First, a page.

If you are wondering how much people pay to fix their cars CarMD, released its 2016 CarMD Vehicle Health Index report. The report reveals the most common problems with cars that have to be fixed and prices to repair them. The average cost to repair a check engine light problem on a car in the U.S. in 2015 was $387, which is 8 percent less than the 10-year high of $422 in 2006.
The five most common problems that trigger the check engine light are a faulty oxygen sensor, catalytic converter, ignition coils and spark plugs combined, loose or damaged fuel cap and thermostat. They range in cost from $15 to replace a gas cap to $1,100 for a catalytic converter. Car repairs and associated costs can be affected by region, maintenance decisions and vehicle age. This year’s Index found that drivers in the Northeast saw the largest drop in average repair costs, which were down 6.5 percent in 2015. It also found that the average check engine light repair on a 10-year-old vehicle costs $400 versus $200 on average for newer vehicle repairs typically under warranty.
The most expensive repair seen in 2015 by CarMD’s network was “replace engine,” costing $7,800. However, evidencing the notion that drivers should not panic when their car’s “check engine” light comes on, some of the least expensive repairs include tighten or replace gas cap, correct transmission fluid level and replace radiator cap. These fixes can cost as little as $15 or less.
The report found:
- Type of car repairs and associated costs vary by region.
- The most common repair on vehicles in the West and South was “replace catalytic converter.” In the Midwest and Northeast, oxygen sensors were the most common check engine light repair.
- Vehicle owners in the Northeast saw the largest drop in average repair costs, which were down 6.5 percent from $418 in 2014 to $391 in 2015 due in part to the mild El Niño weather pattern. In 2015, drivers in the West paid the most at $403 on average for check engine light repairs, while drivers in the Midwest paid the least at $364.
- Vehicle age affects the type, cost and percentage of check engine light repair incidents.
- The average cost to repair a 10-year old model year 1996 vehicle is $397, while a newer 2016 vehicle is $205 on average to repair, which can be useful to know when budgeting for a pre-owned vehicle.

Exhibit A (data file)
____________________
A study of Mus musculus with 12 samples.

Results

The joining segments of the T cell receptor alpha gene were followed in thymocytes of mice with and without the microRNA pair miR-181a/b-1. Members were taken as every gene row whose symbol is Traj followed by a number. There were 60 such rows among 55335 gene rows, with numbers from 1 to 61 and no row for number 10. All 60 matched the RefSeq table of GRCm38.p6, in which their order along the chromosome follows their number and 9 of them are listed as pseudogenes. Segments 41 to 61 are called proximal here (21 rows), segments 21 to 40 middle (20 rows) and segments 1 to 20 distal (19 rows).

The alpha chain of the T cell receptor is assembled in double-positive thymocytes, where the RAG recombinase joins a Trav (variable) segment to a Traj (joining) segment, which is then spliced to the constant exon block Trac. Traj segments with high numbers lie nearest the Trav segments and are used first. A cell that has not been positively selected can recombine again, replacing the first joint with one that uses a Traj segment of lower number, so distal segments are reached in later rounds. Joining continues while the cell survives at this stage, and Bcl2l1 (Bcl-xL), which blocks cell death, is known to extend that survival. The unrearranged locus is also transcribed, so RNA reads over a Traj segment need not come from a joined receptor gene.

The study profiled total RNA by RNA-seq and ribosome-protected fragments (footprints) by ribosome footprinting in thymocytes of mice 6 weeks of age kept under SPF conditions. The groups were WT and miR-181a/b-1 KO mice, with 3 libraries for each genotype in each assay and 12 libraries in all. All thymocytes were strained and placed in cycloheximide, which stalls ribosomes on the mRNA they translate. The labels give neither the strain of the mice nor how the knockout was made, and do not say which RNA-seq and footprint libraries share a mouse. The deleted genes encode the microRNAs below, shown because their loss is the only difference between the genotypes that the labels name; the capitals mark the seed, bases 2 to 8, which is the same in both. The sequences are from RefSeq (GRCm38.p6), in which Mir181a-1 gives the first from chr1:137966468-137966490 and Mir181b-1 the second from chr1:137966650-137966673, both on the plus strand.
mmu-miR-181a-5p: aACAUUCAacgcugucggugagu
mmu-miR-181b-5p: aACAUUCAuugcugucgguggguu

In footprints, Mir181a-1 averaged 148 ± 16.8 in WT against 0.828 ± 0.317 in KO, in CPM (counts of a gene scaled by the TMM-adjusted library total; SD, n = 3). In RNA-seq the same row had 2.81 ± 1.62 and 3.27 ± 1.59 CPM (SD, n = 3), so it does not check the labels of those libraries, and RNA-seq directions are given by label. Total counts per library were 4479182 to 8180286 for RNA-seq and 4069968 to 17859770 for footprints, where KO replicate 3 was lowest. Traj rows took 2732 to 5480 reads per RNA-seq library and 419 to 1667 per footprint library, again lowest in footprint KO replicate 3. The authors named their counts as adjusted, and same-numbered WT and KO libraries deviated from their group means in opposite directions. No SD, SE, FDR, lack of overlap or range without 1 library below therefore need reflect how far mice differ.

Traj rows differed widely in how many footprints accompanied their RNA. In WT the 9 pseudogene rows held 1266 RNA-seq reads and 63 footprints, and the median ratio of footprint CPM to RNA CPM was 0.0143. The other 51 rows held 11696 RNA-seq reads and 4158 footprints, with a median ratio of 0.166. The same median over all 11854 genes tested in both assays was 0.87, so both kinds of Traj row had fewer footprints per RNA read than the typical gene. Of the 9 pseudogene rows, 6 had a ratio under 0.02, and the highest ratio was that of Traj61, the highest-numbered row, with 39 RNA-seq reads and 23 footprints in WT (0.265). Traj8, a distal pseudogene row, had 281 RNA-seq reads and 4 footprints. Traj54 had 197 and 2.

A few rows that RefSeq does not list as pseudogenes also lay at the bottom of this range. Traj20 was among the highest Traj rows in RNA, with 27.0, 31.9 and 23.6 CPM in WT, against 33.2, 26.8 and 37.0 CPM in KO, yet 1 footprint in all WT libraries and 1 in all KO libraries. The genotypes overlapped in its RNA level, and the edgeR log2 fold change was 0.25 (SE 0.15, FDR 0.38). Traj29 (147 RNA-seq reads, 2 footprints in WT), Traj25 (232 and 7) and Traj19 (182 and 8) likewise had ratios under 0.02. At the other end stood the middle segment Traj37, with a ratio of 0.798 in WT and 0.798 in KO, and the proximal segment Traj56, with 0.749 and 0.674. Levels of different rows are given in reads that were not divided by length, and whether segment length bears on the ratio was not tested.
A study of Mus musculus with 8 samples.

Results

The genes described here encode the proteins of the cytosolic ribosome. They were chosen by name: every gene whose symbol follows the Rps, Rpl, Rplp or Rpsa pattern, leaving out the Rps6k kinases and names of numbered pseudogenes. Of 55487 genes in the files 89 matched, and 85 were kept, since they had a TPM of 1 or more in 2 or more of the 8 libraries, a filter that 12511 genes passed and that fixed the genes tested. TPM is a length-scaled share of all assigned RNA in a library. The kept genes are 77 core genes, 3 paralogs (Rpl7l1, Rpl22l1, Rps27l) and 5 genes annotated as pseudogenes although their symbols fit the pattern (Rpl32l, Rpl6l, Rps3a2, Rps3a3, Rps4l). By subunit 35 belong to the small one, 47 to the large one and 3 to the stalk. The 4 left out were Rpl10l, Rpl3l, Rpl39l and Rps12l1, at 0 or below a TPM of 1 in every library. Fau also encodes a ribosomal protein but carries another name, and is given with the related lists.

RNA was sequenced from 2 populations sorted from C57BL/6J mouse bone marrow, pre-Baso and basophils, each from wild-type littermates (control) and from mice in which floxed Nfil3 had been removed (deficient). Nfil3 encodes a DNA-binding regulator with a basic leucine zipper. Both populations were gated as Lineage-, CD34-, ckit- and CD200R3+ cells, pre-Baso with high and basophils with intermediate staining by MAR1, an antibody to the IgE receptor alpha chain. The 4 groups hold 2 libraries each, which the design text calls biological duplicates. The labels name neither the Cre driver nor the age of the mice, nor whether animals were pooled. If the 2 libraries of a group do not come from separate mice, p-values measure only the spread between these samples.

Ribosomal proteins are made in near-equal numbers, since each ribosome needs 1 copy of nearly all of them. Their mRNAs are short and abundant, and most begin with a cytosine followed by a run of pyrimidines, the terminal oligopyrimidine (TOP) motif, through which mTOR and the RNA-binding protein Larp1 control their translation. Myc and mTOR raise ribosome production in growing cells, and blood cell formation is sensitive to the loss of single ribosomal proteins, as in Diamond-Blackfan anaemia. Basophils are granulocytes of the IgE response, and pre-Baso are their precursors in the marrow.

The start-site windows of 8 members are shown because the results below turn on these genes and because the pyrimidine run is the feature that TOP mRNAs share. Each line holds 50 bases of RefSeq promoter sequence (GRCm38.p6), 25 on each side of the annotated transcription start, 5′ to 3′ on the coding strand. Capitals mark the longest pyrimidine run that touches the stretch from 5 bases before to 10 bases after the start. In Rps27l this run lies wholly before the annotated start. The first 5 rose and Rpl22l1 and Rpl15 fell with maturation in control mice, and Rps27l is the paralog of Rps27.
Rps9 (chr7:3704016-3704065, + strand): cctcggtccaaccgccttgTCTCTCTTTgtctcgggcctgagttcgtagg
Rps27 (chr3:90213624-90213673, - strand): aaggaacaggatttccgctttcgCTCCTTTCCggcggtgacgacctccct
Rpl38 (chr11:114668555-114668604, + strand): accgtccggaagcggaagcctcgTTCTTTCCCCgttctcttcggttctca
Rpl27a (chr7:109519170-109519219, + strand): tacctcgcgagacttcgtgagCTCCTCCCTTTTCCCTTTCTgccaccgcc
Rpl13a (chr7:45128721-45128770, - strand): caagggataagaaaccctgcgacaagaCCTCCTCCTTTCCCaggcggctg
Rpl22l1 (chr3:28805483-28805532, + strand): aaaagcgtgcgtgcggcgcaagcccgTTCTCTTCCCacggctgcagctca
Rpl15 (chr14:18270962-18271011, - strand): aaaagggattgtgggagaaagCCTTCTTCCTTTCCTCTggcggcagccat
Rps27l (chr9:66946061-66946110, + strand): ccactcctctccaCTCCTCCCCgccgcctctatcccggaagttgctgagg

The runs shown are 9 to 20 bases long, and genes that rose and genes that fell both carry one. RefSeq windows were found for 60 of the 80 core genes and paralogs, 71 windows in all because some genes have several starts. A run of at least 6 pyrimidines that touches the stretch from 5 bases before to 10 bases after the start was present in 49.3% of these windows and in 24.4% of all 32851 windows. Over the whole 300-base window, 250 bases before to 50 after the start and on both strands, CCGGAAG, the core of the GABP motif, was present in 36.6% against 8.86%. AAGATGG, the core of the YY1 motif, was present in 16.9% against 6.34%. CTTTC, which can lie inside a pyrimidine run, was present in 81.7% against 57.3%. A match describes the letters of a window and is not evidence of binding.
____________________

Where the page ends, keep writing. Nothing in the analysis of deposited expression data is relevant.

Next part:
- The most common reason the check engine light comes on in a brand new model year 2016 vehicle is due to a minor loose gas cap problem, accounting for 46 percent of check engine incidents on new vehicles last year. Conversely, the most common repair on a 2006 vehicle is “replace catalytic converter,” which is considered a costly and often catastrophic repair. It accounted for 10 percent of model year 2006 repairs.
- New to the list of 10 most common car repairs this year are “replace evaporative emissions (EVAP) purge control valve ” and “replace EVAP purge solenoid.” These are both important parts designed to help make sure your car is not emitting too many pollutants. When they are not working properly they will cause your car’s check engine light to turn on and keep you from passing an emissions test.
“One of the best ways to minimize cost of ownership and help reduce unforeseen car repairs is to follow a regular maintenance program and take care of small problems as soon as you’re aware of them particularly as vehicles age,” said David Rich, CarMD’s technical director. “This CarMD Vehicle Health Index reminds drivers to address check engine light warnings early to help reduce the likelihood of additional repairs down the road, maximize fuel economy and help make sure your car isn’t harming the environment.” Rich notes that, if ignored, a simple spark plug failure can snowball from a $50 part into a $400 repair that entails spark plug and ignition coil replacement, or worse.
According to CarMD, the following are the 10 most common check engine light-related car repairs and associated average repair costs. If left unrepaired, each of these problems will negatively impact fuel economy and harm the environment:
- Replace oxygen sensor – $249
- Replace catalytic converter – $1,153
- Replace ignition coil(s) and spark plug(s) – $390
- Tighten or replace fuel cap – $15
- Replace thermostat – $210
- Replace ignition coil(s) – $236
- Replace mass air flow sensor – $382
- Replace spark plug wire(s) and spark plug(s) – $331
- Replace evaporative emissions (EVAP) purge control valve – $168
- Replace evaporate emissions (EVAP) purge solenoid – $184
The 2016 CarMD Vehicle Health Index analyzed 1,019,904 repairs reported to and validated by CarMD’s network from Jan. 1, 2015 to Dec. 31, 2015.